A year-long inquiry into how the major banks price their mortgage products will begin next month following the establishment of the ACCC’s new Financial Sector Competition Unit.
On Tuesday evening, the Hon. Scott Morrison MP, Treasurer of the Commonwealth of Australia released the federal budget for 2017-18, which included — among other measures targeting banks — the establishment of a new unit in the Australian Competition and Consumer Commission (ACCC).
If the measure passes the Senate, the government will provide $13.2 million to the ACCC over the next four years to establish the Financial Sector Competition Unit.
The unit will be tasked with undertaking regular inquiries into specific competition issues across the financial sector, starting with a one-year price inquiry into residential mortgage products, which will run until 30 June 2018.
As part of this inquiry, the ACCC can compel the major banks to explain any changes or proposed changes to fees, charges, or interest rates in relation to residential mortgage products affected.
Speaking of the new inquiry, ACCC chairman Rod Sims told The Adviser: “We have already begun building a specialist banking unit to investigate specific competition issues across the financial sector.
“The direction provided by the government means the ACCC can request specific information from the banks, which it will use as part of its first inquiry, focusing on residential mortgage products.”
He added: “The purpose of this inquiry is to provide customers with greater understanding on how the major banks price their mortgage products and increase transparency around any changes or proposed changes to fees, charges, or interest rates in relation to these products."
Writing in a blog on The Adviser’s sister publication Mortgage Business, Sally Tindall, money editor at RateCity, said: “Asking the big banks to explain their price rises is worth doing. Not only will this put a greater spotlight on pricing, it will hopefully make more Australians aware that there are lower-cost alternatives out there.”
Inquiry could 'constrain' mortgage repricing
Many banks have been increasing the rates on their mortgage products in recent months, particularly for interest-only and investment mortgages, which have been under increasing scrutiny and subject to more regulatory caps recently.
And there have been some concerns that the newly-announced ‘big bank tax’ on the five biggest banks will impact borrowers, with several CEOs warning that this would be the case.
Indeed, speaking yesterday on 3AW Radio, NAB group CEO Andrew Thorburn said: “[Y]ou can't introduce a tax like this of this magnitude at such haste and not have unintended consequences.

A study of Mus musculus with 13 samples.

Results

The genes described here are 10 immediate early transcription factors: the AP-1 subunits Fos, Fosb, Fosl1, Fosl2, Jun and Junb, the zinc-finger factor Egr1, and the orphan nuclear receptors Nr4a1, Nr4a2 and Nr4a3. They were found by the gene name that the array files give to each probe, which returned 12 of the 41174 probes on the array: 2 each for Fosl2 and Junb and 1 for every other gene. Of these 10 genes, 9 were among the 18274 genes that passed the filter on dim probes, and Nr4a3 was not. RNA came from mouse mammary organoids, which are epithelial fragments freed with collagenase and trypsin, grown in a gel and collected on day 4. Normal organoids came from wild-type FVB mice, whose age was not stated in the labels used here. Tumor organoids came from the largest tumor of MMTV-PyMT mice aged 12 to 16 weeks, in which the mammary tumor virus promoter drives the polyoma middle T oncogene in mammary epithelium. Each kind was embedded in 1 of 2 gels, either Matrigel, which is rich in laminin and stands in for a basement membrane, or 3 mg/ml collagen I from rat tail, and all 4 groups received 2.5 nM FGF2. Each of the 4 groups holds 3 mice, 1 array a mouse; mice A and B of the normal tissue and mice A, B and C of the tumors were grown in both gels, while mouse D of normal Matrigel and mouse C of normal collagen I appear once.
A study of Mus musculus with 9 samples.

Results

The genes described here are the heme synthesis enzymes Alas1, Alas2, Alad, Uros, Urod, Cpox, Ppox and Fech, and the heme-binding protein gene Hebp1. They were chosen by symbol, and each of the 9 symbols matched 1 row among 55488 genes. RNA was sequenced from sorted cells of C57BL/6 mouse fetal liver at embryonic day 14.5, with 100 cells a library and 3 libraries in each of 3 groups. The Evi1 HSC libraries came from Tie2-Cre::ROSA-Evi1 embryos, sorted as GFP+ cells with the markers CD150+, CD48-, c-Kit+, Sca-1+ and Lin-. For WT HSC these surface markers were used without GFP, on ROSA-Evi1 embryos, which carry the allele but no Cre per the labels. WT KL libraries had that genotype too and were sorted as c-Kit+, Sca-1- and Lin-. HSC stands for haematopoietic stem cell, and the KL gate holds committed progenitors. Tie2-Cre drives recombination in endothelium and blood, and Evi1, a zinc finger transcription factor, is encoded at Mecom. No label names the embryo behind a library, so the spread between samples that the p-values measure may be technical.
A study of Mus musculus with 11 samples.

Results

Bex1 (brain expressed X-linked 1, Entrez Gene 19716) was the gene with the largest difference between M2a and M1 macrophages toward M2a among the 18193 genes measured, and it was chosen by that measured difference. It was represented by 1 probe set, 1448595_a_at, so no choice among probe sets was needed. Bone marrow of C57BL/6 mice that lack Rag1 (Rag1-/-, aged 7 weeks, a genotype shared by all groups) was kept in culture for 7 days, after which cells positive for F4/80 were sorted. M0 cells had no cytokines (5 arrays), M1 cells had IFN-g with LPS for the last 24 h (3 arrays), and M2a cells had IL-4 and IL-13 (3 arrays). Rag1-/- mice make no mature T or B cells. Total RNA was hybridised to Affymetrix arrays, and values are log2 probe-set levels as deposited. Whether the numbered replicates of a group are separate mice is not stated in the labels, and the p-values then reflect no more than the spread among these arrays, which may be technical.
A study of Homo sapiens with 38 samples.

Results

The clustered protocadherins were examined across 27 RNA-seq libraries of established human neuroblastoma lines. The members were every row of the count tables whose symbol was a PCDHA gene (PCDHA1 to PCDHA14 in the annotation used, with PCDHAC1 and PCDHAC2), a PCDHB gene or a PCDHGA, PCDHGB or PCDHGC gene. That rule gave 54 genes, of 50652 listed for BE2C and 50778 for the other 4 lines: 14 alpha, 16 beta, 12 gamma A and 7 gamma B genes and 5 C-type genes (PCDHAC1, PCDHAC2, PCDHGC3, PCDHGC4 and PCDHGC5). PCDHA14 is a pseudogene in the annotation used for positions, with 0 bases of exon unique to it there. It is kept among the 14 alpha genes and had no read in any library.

“The people who are going to pay for the tax is not the bank: it's customers and shareholders of the banks who are normal people and we have to think about that. Those are the people who pay that and absorb that tax.”
Financial consultancy Morgan Stanley has recently suggested that the major banks will need to increase their standard variable rates by around 20 basis points to offset the impact of the $6-billion levy handed down in the federal budget.
However, several commentators have said that the new mortgage pricing inquiry will make it harder for the banks to do so, with one stating that the new inquiry is “worrying” for the banks.
Morningstar analyst David Ellis said: “The move to have the ACCC police future mortgage-rate repricing is worrying and could make increases to mortgage interest rates more difficult.”
Likewise, Moody’s latest research into the budget argued that the inquiry will “likely constrain the major banks’ traditionally very strong pricing power” and warned that banks could therefore “not be able to pass the additional costs of this levy to bank customers”.
However, the research paper noted that notwithstanding this additional profit pressure, the profitability of the major banks still would be very strong and “remai[n] amongst the most profitable by global standards”.
The research paper stated: “Moody’s expects these initiatives to further constrain Australian banks’ pricing power at a time when low interest rates and strong competition for new loans, particularly in the residential mortgage market have already put their net interest margins on a narrowing trend.
“Banks have been raising the standard variable interest rate applicable to existing mortgages to stem the contraction in margins and improve profitability. However, the pricing inquiry to be conducted by the ACCC will likely constrain the banks’ ability to undertake further rounds of mortgage loan re-pricing, resulting in them having to absorb most of the cost of the bank levy.”
Other measures announced in the budget 2017/18 by the Treasurer included: a new levy on the five biggest banks; a new Banking Executive Accountability Regime that will be able to remove and disqualify senior executives and directors; a requirement for a minimum of 40 per cent of an ADI’s variable remuneration and 60 per cent of a CEO’s remuneration to be deferred for a minimum period of four years; and an open banking regime.
It is hoped that these measures will make the banking industry more accountable and more competitive.